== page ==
Check out my latest article published in the Temple News.
Grace Dickinson: Trendy dieting
Ellen DeGeneres’s is doing it. Ex-pres. Bill Clinton’s doing it. Beautiful Black Swan star Natalie Portman’s doing it. Alicia Silverstone’s promoting it.
Will you be next to hop on the meat-free, dairy-free vegan bandwagon? Veganism and vegetarianism aren’t only for peace-loving hippies who love the slimy white stuff known as tofu.
The diet is also for “Skinny Bitches” according to the authors of the best-selling book by the same name, Rory Freedman and Kim Barnouin, macho pro athletes, like Mike Tyson, suburban moms who care about their kids’ health and hipsters striving to keep their legs stick-like for their skinny jeans.
All types of people seem to be moving towards a meat-free lifestyle, with many attempting to rid themselves of diary, as well. And it’s for good reason, too.
“I decided to become a vegetarian to have a healthier diet and to inspire me to experiment with new healthy options for cooking,” said junior advertising major Grace Raffensberger, a newly-turned vegetarian. “Being vegetarian seems like a healthier option for both my budget and lifestyle as a college student.”
“And it’s easier than going on a diet where you have to buy certain foods or tons ofspecial books,” she added.
A vegetarian diet, full of fiber-filled plants and low-fat proteins, is definitely a good option for anyone looking to slim down or boost his or her health.
According to the American Heart Association, vegetarian diets are usually lower than non-vegetarian diets in total fat, saturated fat and cholesterol –– all the elements dangerous to your health and bod.
However, as Dr. John Briffa points out in a Jan. 14 Epoch Times article, a meat-free diet doesn’t necessarily signify perfect health.
There are those who become vegetarians entirely for moral reasons
and who could care less about nutrition. These vegetarians live off pizza, chips and mac and cheese, and have far less nutritional value than many of their carnivorous peers. Even vegans, who don’t consume fatty cheese or heavy creams, could essentially have a trashy diet if they gorged daily on French fries or other fried or convenience-based foods.
In general, vegetarians tend to be healthier and vegans even healthier, because a well-balanced meat-free diet far surpasses one filled with meat.
Animal flesh, often full of artery-clogging fat and cholesterol, is inherently unhealthy. No matter how many hardcore, meat-loving people out there like Britta believe otherwise, the facts are clear. Numerous studies have proven meat’s harmful effects on the body.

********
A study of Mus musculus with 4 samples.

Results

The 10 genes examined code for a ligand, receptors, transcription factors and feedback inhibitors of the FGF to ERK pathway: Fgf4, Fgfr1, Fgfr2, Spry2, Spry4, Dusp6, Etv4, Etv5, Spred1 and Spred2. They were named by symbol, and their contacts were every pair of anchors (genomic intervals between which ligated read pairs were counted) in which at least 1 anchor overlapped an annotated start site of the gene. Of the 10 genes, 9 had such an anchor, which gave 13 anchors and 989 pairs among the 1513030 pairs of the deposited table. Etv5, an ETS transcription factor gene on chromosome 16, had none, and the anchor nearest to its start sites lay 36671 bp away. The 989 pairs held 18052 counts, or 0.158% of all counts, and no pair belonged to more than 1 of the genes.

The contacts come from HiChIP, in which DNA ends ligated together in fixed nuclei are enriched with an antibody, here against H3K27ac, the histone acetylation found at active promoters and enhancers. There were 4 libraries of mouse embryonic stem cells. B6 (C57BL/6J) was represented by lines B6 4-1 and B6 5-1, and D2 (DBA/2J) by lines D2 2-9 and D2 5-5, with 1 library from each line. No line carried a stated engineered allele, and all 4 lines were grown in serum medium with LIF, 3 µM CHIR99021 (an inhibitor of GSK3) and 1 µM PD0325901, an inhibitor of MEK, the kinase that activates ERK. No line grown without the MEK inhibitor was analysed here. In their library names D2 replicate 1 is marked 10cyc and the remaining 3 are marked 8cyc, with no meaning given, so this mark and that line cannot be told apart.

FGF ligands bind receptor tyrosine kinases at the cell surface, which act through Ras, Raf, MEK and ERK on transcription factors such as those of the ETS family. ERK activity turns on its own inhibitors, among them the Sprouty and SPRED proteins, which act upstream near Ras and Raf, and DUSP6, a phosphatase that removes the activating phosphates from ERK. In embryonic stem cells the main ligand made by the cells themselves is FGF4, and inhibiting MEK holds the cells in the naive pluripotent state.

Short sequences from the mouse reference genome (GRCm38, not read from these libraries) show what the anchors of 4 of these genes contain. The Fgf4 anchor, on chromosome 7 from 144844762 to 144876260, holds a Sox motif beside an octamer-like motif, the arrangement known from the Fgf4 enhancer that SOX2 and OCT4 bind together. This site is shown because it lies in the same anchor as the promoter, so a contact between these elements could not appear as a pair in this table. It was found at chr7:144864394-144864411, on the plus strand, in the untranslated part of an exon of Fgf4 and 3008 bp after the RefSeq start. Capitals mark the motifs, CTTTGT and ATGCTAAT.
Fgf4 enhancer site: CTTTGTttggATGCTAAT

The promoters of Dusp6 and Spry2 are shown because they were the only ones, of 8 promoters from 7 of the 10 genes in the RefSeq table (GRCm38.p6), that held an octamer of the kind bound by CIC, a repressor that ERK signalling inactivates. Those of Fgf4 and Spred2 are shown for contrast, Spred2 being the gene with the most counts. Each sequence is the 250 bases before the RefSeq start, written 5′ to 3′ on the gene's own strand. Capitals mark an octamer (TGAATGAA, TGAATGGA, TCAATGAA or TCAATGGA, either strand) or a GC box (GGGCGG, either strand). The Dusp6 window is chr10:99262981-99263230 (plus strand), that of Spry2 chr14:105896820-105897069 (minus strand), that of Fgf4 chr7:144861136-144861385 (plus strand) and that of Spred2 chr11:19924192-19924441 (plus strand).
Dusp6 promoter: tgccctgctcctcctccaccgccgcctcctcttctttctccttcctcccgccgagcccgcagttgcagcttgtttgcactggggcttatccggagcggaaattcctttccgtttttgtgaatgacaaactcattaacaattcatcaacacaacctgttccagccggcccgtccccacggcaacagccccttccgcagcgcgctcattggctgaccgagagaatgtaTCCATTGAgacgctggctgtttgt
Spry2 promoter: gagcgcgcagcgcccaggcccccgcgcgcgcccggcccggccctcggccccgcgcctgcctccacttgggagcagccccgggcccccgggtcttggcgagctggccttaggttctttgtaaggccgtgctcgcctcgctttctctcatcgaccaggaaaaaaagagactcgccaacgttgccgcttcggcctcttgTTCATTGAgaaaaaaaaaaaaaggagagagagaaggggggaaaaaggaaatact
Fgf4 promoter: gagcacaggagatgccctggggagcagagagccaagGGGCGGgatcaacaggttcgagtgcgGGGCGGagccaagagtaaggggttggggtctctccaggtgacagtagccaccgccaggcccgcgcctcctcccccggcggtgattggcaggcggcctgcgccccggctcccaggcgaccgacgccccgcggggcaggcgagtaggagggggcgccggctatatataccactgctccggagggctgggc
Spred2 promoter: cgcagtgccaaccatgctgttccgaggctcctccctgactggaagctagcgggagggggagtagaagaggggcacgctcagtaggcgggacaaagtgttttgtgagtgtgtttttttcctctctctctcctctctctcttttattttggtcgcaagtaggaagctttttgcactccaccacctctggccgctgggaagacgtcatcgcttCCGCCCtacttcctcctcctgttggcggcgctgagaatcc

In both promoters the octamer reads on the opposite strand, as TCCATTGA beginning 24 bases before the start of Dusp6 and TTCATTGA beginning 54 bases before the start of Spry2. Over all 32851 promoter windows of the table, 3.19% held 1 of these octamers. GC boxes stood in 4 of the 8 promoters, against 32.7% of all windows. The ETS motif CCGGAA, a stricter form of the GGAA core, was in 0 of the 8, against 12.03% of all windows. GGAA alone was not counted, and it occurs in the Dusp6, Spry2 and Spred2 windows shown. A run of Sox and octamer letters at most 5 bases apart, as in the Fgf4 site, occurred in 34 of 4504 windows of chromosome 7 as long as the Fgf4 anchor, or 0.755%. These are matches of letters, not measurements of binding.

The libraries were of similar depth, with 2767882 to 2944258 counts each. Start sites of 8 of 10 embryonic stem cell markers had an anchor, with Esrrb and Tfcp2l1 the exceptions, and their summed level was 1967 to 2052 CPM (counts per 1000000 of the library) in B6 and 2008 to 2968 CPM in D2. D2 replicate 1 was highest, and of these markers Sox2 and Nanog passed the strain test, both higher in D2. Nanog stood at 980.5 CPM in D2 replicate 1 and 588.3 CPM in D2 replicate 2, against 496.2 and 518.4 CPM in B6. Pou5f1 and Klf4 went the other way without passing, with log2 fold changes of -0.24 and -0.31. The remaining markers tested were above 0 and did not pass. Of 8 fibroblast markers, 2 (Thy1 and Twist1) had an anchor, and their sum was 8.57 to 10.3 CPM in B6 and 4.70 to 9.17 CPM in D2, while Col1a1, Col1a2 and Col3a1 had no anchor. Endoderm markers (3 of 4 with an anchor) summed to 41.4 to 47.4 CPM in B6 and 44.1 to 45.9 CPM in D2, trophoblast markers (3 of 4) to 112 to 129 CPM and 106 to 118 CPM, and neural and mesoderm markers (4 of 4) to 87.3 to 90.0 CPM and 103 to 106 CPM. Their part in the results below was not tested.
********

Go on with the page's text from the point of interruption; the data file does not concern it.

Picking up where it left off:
A Sept. 2010 study published in the Annals of Internal Medicine showed that diets rich in animal-based proteins and fats are linked to higher mortality rates. After studying over 100,000 individuals over the course of 20 to 26 years, researchers found that frequent consumption of animal protein is linked to higher date rates, including those caused by cardiovascular and cancer-related issues. The study also found that individuals whose diets were based off of plant-based fats and proteins had lower mortality rates.
For further proof, read the “China Study,” a book detailing a comprehensive, 20-year study on the detrimental effects of meat on health. One part of the book linked animal protein consumption with activation of cancer cells in the body.
One might wonder, as much as vegetarianism and veganism is becoming the hottest new trend, why aren’t these types of studies more well-known? It boils down to politics. In short, our nation is largely run by business and politics. Co-author of the “China Study” and Cornell University professor emeritus T. Colin Campbell told the New York Times in Jan. 7 article it’s primarily the meat and dairy industries funding medical research and nutrition education in schools.
And who receives money for the surgeries and treatments required to fix the problems of these two food groups? Doctors, who, according to Campbell, only receive an average of two measly credits in the field of nutrition during medical school.
However, while the health benefits of a meat-free diet have yet to fully go mainstream, vegetarianism and veganism is clearly on the rise. Making the switch to a vegetarian diet has become even easier.
Tofu’s no longer one of those UFOs (Unidentifiable Food Objects). It can be found pretty much anywhere. The Fresh Grocer sells packages for $2.69, alongside tempeh, another soybean-based, vegan staple. You can even get some late night general tso’s tofu at the local Temple Garden, although I highly advise against this. (Hit Whole Foods’ instead if delicious vegan general tso’s is what you’re looking for.) Or you can trek to Seventh and South street for amazing dishes at Horizons, one of Philly’s completely vegan restaurants.
According to the Washington Post, more than half the 1,500 chefs polled by the National Restaurant Association for its new “What’s Hot in 2011” list included vegan entrees as a hot trend.
And the vegetarian/veganism trend is one that’s likely to stay. For one, it’s spawned by so many different reasons. Not only is a well-balanced vegetarian diet nutritionally healthier, it’s also more humane for both animals and the environment.
Large-scale meat production presents a horror show in terms of ethical treatment of animals and is also a leading source of greenhouse gases. The evolution of tasty, meat-free food shows that this movement is likely one that won’t quickly fade.
Grace Dickinson can be reached at firstname.lastname@example.org.